CSU hosts run for freedom, largest in United States

Graham Shapley

Getting people out of bed in the morning is a tough prospect, let alone at 7 a.m. Getting them to do exercise that early is an even harder feat.

On Sunday morning, though, nearly 1,000 people got out there and did a 5K run/walk for a good cause. Although breakfast burritos were provided for individuals who finished the run, the promise of breakfast was not the motivating factor.

The first runners begin the Aruna 5K on Sunday, July 21, 2019. The fastest runners of the day finished the race in under 15 minutes. (Josh Schroeder | Collegian)

The Aruna Run/Walk is a 5K race benefiting the Aruna Project, which focuses on freeing women from sexual exploitation and slavery in Indian brothels, teaching them the skills to become part of a workforce and employing them. 

This past Sunday, CSU was host to its second annual Aruna run, starting in The Oval and traveling around campus before looping back to finish where it started. Finishers were given medals to represent their participation as well as athletic bags.

“They identify women to rescue them from the brothels, they help them with their health, they help them with their finances, kind of a holistic approach,” said Lorraine Hardaway, the race director for this marathon and a member of Cru, a Christian outreach group that brought Aruna to campus and funded the race. “They teach them how to use sewing machines. The girls actually make these athletic bags.”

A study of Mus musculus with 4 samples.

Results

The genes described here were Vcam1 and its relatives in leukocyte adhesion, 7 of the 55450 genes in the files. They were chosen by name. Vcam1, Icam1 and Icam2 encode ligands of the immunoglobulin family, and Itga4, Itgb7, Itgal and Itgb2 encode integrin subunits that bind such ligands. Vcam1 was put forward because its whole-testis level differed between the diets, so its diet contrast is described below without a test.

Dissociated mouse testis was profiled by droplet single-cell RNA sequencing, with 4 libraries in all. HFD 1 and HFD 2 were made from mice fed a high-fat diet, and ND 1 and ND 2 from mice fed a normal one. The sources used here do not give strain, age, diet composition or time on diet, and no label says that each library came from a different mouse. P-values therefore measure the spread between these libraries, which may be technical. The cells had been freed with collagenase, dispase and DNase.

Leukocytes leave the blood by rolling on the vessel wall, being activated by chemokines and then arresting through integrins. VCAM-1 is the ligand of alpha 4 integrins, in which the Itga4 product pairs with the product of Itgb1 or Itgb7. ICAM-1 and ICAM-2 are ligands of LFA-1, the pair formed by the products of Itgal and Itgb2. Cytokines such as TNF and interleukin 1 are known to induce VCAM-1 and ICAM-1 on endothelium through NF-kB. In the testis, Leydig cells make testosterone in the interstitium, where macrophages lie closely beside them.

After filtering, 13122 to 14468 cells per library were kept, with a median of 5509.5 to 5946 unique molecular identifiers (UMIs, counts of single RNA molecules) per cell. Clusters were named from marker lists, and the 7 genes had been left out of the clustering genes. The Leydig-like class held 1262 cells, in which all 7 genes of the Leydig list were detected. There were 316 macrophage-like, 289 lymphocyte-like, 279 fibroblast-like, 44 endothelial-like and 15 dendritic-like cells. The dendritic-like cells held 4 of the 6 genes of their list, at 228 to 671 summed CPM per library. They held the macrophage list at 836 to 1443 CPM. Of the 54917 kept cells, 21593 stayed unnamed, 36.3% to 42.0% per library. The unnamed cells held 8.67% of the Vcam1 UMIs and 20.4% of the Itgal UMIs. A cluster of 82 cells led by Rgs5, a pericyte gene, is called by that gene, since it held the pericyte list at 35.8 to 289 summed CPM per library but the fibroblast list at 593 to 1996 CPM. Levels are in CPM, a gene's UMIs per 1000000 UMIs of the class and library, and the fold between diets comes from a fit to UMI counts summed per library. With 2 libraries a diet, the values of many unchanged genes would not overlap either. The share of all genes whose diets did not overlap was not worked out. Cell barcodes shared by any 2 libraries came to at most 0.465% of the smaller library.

Women freed and employed by Aruna are known as artisans within the organization, and they work to create everything in Aruna’s store. This generates funds that go straight back to getting them the support they need. 

914 runners finished the run this year, and according to the Fort Collins Aruna Run Facebook page, over $22,000 were raised for the cause. More impressively, Fort Collins has now hosted the biggest Aruna run that has taken place in the United States.

“This year we have 16 races, and they vary in size,” said Sarah Prud’homme, the Aruna Run’s events director, who works with race directors to oversee and organize the races. “Some of them are 100 people or 150. To our mid-size, I’d say like in the (300-500) range. (This race) just beat Cincinnati, which is where we’re headquartered. It’s officially our largest race.”

“We had 4-year-olds registered, all the way up to 85 I think was our oldest,” Hardaway said. “All ages, lots of families. It’s a very family-oriented event.”

For the run, each runner is given a specific woman who they are working to free, whose name they know. This tactic directly connects the runners and invests them in the cause. With a specific name, they can know exactly who they’re helping.

“(This race) just beat Cincinnati, which is where we’re headquartered. It’s officially our largest race.”

“(Aruna) has identified a number of women that they want to free if they have the funds to get them out,” Hardaway said.

Aruna is a relatively young nonprofit, which has only been in operation for about five years. Prud’homme is very pleased with the outcome of this race. 

“The exciting thing is that 100% of our registration fees and any donations goes to free, empower and employ,” Prud’homme said. “We don’t use any of that money to cover our race expenses. So people know that when you donate, it is going here.”